I’ve been wondering about a more effective way to communicate the bitcoin concept and why does it matter. Typically I come across two kind of people.
- Like-minded people who feel offended for not being told about bitcoin earlier, or
- The majority that tolerates me, and my unexplainable excited exposition, to various degrees.
Even if people go like “Oh, that’s cool!” there’s no real incentive for them to go out of their way and try new stuff. To literally go play with money. This topic has been discussed before but typically it’s from a monetary incentive perspective where we try to get those greedy bastards to jump through all the hoops because of the discount they have. The typical case here is Purse.io. The complementary approach I’m thinking is a little different.
People have evolved with the sense of surprise. It has helped us survive in a changing environment by making us more alert to things that don’t go exactly how we expect. When surprised, someone might flee or just get really alert to the situation. So maybe this phenomenon can be used to stimulate people to learn more about bitcoin, or money in general.
There are many surprising aspects with fiat money. In particular, people assume a lot of things that are not true with the USD or EUR but are true with bitcoin.
Certain facts about money and banks have always circulated around as trivia. But maybe they are quire important and it’s possible to make simple questions, based on them, that are extremely surprising for many people. The typical ones that occur to me are bellow.
If it was really your property there would not be legislation making it illegal to destroy it or the need to distinguish money from other property in laws regarding theft. All bills and coins are government property and the destruction of all government property, by citizens, is typically illegal. This means the government is extremely gracious to let us all use their money for our daily affairs.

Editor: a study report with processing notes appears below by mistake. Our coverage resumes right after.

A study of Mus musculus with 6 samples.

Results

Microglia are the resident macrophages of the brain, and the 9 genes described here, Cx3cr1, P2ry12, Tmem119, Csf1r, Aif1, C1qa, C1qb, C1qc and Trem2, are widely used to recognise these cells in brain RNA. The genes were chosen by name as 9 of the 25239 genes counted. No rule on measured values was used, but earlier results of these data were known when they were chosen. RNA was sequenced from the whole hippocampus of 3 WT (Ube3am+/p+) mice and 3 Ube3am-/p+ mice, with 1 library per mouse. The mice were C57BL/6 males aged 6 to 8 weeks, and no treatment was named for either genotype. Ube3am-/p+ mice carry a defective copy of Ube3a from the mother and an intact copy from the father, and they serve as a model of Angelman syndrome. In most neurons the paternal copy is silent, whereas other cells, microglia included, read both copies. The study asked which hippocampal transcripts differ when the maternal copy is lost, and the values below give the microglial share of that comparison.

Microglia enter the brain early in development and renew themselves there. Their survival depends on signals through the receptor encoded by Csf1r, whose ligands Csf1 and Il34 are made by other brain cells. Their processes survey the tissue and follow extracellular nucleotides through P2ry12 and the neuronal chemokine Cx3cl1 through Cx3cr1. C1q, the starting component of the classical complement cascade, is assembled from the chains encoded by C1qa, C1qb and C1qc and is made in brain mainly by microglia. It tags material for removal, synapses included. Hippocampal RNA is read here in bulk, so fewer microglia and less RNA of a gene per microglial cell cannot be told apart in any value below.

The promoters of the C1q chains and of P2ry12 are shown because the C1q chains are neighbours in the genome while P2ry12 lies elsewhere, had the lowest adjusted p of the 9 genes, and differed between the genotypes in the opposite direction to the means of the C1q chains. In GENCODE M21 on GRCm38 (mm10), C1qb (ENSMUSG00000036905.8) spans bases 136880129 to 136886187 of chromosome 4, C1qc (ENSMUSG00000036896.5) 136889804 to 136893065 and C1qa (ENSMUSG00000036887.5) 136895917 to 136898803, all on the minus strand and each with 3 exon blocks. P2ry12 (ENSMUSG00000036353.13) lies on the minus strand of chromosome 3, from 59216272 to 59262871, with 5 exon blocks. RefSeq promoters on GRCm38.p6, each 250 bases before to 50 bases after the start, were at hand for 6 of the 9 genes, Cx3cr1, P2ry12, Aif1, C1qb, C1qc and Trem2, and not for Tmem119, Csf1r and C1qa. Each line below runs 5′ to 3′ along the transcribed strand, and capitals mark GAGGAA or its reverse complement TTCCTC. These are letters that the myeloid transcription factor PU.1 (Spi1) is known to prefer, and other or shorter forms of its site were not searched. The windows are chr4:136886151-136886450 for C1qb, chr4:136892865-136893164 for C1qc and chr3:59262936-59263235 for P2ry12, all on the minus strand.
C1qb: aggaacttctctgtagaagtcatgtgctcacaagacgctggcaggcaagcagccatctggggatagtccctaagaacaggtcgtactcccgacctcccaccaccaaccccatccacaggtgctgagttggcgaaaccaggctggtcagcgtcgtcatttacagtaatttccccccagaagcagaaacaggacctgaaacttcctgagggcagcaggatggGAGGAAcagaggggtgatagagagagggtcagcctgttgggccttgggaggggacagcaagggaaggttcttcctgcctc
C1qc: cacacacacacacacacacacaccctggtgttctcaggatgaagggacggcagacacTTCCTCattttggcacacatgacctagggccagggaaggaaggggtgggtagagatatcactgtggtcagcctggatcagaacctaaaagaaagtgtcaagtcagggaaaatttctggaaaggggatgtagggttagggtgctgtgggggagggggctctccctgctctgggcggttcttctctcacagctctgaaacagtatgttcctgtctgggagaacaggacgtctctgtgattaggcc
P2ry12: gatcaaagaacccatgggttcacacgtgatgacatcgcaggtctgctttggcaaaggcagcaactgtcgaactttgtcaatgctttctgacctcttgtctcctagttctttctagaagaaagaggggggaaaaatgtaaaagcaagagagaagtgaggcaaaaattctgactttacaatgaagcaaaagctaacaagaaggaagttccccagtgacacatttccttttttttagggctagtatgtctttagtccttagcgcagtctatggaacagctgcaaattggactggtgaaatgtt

Queue South Parks’ “And it’s GONE!” scene.
The money was not yours to start with. When you deposit 1000 into a bank account you give the money to the bank and become a creditor. Everything goes well until the bank goes bankrupt which means it can’t pay what it owes you. You can’t demand your money back because it’s not your money so you have to get in line with all the other creditors.
If you’re European you may have heard of the deposit insurance scheme that guarantees deposits up to €100,000. If it was really your money there would be no need for that insurance.
It’s magic! Actually it’s fractional reserve banking but it could as well be magic because money is made out of thin air.
Banks are only required to keep a fraction – like 10% – of the money people deposit. The rest they can give to other people in loans. From your 1000 deposit the bank can give a loan of 900 to another person. That person can take those 900 and make a new deposit, the new deposit be used to create a new loan of 810, and so on. At the end of it, if everyone withdrew the deposited money, there would be 10,000 available. This is an exaggeration of what happens in reality but it happens.
These are the most basic ones. Many people will not act on them. Some people might just want to disprove these things and go search for it. Others might feel they are less safe than they thought and go search for solutions. All of those are a good outcome, in my book.
What do you think? Can these kind of questions stimulate people to be more curious about the absolute insanities of some parts of the financial system? Do you know other questions that spark the same sense of surprise? Tell about it in the comments.